Job opportunities for graduates steadily decline
By the numbers
Colorado 6.6 percent (Jan. 2009)
U.S. 8.1 percent (Feb. 2009)
U.S. job openings, hires and separations* (in thousands):
Job openings Hires Separations
January 2008 4,332 4,995 4,920
December 2008 3,224 4,508 4,958
January 2009 2,991 4,399 4,906
West** job openings, hires and separations* (in thousands):
Job openings Hires Separations
January 2008 984 1,158 1,237
December 2008 689 1,053 1,227
January 2009 670 1,011 1,150
*Quits, layoffs and discharges
** Alaska, Arizona, California, Colorado, Hawaii, Idaho, Montana, Nevada, New Mexico, Oregon, Utah, Washington and Wyoming
Sources: U.S. Bureau of Labor Statistics, Colorado Department of Labor and Employment
Steamboat Springs — Graduation is just two months away, and Emily Krall doesn’t know a single classmate with a job offer.
“Most of my friends have given up looking for a job and are going to travel,” Krall, a Steamboat Springs native and senior at Whitman College in Walla Walla, Wash., said while skiing Tuesday on Mount Werner. Like college graduates nationwide, Krall is entering a job market that is – along with the economy in general – seriously contracting.
“The job openings rate fell to a new series low of 2.2 percent in January, continuing a 16-month downward trend,” stated a March 10 news release from the U.S. Bureau of Labor Statistics. “At 3 million in January, monthly openings were down 1.6 million, or 35 percent, since the starting point of the downward trend in September 2007.”
Job openings declined significantly in most industries, remained unchanged in a few and increased significantly only in the federal government.
Throughout the 12 months ending in January, the nation’s net change in employment was -3.5 million. There were 4.4 million hires in January, down 17 percent from October 2007. The nation’s quits rate, considered a good barometer of people’s willingness or ability to change jobs, is at its lowest point in eight years.
Like many other college-aged men and women on the ski mountain Tuesday, Krall was on spring break from school. Because of her troubles finding a job, she said she was making it a conservative vacation.
“I couldn’t afford to go to Mexico if I wanted to go to Mexico,” she said. “I definitely didn’t go to some shows this week that I would have gone to normally.”
Megan Forry, who is from Seattle and is a freshman at Pomona College in Claremont, Calif., said she also was holding back on spring break expenses and staying with her friend Lauren Ventrudo, a fellow freshman at Pomona who is from Steamboat.
“With the likelihood of me getting a job this summer, it’s a lot of money,” Ventrudo said about the ski trip, “but it helps that I can stay at her house.”
Ventrudo also has been cutting back, and she said that if not for Forry’s visit, she probably would have skipped out on skiing during spring break.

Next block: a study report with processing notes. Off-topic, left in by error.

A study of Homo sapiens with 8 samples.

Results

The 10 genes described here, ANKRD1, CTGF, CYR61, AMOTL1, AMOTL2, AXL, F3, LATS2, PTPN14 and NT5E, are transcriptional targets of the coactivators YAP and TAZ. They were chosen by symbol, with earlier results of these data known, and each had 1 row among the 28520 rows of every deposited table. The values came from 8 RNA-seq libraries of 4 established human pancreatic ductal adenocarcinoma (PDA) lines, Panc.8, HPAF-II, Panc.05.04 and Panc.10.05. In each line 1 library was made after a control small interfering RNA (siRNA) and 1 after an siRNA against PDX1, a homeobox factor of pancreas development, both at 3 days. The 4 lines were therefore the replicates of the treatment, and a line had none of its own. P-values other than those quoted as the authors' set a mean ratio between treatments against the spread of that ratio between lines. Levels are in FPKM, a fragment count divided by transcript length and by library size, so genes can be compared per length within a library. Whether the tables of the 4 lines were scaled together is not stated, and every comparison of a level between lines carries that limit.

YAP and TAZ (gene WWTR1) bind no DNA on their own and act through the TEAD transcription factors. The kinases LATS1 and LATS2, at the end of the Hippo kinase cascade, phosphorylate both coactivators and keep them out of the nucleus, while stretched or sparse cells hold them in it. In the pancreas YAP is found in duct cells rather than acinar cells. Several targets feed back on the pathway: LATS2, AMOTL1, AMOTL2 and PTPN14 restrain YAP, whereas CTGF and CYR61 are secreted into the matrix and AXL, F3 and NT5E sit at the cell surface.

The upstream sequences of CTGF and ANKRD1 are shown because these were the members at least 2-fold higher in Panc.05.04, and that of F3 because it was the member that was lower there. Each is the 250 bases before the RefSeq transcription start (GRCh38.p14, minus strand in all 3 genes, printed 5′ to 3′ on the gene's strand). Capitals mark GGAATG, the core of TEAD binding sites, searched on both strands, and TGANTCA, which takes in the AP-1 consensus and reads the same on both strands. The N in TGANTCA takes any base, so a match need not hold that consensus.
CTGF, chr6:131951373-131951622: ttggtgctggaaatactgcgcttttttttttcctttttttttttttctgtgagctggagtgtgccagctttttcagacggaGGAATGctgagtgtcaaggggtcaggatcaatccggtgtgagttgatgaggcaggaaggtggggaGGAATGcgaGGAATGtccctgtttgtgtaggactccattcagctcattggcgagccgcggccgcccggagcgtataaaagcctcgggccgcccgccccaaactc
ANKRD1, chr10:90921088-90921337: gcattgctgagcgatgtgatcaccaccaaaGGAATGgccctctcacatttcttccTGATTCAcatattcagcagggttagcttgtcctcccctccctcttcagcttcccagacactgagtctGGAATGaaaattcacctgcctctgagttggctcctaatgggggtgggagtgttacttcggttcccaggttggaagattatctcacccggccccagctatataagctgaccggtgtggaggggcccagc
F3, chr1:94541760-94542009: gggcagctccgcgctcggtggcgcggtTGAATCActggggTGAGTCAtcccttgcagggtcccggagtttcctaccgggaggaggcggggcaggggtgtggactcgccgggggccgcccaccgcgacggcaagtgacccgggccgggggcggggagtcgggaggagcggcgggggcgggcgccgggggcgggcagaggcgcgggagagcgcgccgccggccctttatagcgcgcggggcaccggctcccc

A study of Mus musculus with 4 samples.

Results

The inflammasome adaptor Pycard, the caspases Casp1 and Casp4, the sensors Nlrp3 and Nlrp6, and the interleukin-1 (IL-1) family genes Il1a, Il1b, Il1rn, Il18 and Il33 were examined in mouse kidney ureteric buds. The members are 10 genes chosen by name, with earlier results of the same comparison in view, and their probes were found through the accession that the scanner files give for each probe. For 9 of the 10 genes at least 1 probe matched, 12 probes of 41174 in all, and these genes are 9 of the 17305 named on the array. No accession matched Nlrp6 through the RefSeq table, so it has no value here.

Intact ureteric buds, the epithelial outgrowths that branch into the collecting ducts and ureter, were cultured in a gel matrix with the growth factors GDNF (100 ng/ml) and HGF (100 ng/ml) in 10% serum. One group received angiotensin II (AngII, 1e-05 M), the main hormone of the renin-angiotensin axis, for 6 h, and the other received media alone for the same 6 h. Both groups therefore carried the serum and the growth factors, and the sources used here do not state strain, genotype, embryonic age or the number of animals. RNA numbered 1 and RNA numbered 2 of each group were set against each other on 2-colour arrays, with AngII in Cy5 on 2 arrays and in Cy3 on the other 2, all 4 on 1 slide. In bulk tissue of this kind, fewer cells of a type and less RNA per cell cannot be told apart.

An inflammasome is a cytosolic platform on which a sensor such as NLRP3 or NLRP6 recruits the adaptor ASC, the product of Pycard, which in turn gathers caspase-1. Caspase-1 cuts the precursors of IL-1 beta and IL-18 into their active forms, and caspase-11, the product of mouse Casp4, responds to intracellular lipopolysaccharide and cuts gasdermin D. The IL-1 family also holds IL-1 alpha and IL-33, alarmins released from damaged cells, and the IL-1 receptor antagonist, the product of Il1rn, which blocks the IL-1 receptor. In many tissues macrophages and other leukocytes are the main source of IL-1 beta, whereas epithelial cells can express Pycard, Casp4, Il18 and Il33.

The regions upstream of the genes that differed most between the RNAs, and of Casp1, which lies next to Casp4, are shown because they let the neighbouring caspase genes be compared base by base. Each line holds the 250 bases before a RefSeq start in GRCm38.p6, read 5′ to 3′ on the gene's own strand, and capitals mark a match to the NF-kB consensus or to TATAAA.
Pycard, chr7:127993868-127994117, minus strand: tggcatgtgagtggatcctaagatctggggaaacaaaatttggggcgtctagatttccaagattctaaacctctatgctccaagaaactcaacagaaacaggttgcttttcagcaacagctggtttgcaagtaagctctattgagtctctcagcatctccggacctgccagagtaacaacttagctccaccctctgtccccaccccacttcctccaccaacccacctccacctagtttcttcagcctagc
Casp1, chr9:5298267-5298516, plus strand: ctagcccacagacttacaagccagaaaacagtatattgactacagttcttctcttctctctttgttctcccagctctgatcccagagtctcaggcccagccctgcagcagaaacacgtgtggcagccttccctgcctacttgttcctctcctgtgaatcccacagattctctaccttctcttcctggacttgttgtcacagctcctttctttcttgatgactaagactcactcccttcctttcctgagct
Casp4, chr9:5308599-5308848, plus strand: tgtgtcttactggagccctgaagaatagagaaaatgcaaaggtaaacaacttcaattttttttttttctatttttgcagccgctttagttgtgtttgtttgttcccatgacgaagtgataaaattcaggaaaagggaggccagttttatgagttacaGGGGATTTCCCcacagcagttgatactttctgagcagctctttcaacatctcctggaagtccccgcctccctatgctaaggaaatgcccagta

“I definitely haven’t traveled as much this year,” Ventrudo added. “It doesn’t make sense to be extravagant right now.”
Kansas State University sophomore Jacob Stanton, however, said he didn’t know about any friends canceling or reducing spring break trips this year because of the recession.
Stanton said he thinks college students are somewhat insulated from the downturn, although he said a case of beer in Manhattan, Kan., has increased from $17 to $18 to $20 to $22. Stanton, a golf course management major, said he is confident the economy will turn back around by the time he graduates, but he is worried about finding a job this summer.
Others, however, don’t have the luxury of waiting out the recession.
“Job search is killing people,” said Andrew Freeman, who is in a master’s of business administration program at the University of Alabama. “A lot of people younger than me are trying to get into grad school : to buy another couple years.”
Krall said she works 25 to 30 hours a week as a bartender in Walla Walla and is putting most of the money she makes away for the summer, when she has an unpaid internship at an environmental nonprofit agency in Boulder.
“My parents are still going to have to help me out so I can live,” Krall said.
Krall said she knows people who have been forced to drop out of Whitman, where tuition is $38,000 a year, or transfer to more affordable schools. Krall said she is happy that she decided to major in environmental studies and sociology.
“Environmental issues are so important right now, and hopefully in the next couple of years, it will get a lot of attention. My friends who are philosophy majors – I don’t know what the hell they’re going to do.
“There’s not a lot of options for people who are just out of college,” Krall continued. “It sucks, because you work so hard to get into the real world. All of sudden, it’s not an option – not a possibility. It’s disheartening, for sure.”